Predicting Success

    May 11, 2011

    Posted by Andrew VanderPloeg

    Last week Friday, a number of us from the office attended Leadercast. I blogged about it last Thursday - you can read that here.

    There were a number of points that came out of that day which will undoubtedly inspire many of my blog posts in the coming weeks, but for today, I wanted to focus in on a quote from Frans Johansson, author of the Medici Effect.

    At one point in his talk, Frans said that, "we are horrible at predicting what ideas will work". He said that in order to support the idea that we need to be willing to try new ideas and many of them.

    I've seen this in my personal experience as well. Understand that I am a firm advocate of thoughtful and considered planning at the beginning of any project…you want to launch your effort with the best chance of success and so up-front planning is a key part of that.

    But there is a relationship between planning and execution that we have to appreciate if we ever want to give ourselves a chance to have a win in a project. That relationship is to understand that although effective planning gives you the best chance to launch successfully, it doesn't mean that you won't have to change the course once you're up-and-running and so the amount of planning (cost/time) needs to be weighed against how much you just can't know until you go live.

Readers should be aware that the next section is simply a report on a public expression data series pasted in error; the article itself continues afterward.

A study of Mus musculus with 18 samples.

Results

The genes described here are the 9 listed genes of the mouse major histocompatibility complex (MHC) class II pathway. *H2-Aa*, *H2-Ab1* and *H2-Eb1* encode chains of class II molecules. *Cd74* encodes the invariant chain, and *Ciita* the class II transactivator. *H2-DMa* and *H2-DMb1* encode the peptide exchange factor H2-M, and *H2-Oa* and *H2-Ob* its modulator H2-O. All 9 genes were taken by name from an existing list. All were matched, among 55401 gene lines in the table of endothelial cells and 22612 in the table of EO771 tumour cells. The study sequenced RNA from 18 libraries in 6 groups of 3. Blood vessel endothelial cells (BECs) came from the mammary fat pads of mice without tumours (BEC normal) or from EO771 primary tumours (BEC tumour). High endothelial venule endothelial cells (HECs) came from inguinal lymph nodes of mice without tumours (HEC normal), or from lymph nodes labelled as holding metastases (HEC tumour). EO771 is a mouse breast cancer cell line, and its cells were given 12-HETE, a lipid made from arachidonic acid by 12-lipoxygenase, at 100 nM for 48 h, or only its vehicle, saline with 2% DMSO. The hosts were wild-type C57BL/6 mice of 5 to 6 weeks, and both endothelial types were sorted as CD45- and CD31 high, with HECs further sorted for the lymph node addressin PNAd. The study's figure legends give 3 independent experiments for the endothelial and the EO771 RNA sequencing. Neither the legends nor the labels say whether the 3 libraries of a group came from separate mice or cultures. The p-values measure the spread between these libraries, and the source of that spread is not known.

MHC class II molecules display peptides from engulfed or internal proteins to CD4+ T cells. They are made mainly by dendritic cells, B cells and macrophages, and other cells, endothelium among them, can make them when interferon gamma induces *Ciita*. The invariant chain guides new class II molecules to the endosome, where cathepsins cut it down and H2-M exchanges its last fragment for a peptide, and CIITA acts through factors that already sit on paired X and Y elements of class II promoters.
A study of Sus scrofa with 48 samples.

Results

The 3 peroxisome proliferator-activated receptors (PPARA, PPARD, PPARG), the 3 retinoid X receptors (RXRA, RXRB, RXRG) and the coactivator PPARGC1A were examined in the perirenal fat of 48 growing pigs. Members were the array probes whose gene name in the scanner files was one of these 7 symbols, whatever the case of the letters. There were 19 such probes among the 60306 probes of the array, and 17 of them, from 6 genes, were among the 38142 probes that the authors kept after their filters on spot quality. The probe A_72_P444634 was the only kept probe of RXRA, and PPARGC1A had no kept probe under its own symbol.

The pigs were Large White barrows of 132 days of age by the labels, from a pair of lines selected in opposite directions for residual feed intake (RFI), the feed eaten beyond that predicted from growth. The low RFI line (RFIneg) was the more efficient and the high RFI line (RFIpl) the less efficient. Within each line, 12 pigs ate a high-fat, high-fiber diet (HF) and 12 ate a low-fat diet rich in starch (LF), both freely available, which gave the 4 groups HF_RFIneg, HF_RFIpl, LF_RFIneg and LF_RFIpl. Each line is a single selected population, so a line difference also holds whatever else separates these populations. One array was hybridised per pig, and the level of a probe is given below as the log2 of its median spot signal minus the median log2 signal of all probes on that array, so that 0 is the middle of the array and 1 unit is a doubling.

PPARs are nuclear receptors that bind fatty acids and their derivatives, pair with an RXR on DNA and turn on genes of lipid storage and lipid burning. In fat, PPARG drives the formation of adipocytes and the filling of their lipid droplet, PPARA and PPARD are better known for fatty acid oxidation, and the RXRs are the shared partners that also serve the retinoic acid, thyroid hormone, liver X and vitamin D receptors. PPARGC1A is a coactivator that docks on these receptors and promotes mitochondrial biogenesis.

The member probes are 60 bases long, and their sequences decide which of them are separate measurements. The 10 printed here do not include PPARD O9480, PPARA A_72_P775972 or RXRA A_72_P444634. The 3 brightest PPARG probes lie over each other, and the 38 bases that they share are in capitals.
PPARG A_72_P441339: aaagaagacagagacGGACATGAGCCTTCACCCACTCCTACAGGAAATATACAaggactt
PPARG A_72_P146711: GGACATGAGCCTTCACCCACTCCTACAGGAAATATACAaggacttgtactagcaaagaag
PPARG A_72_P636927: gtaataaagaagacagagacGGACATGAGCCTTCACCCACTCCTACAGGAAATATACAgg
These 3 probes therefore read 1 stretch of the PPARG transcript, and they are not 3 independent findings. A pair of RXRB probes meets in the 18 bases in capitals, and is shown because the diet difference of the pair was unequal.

In fact, organizations that think they can simply outlay effort at the beginning of a communications project and then walk away, will more than likely find themselves failing at the goals they set out to achieve, especially in the web world.

    We need to remain willing to adjust strategies and in some cases, even be willing to alter our goals as we learn more and more about who we are, who our audiences are and what both parties need.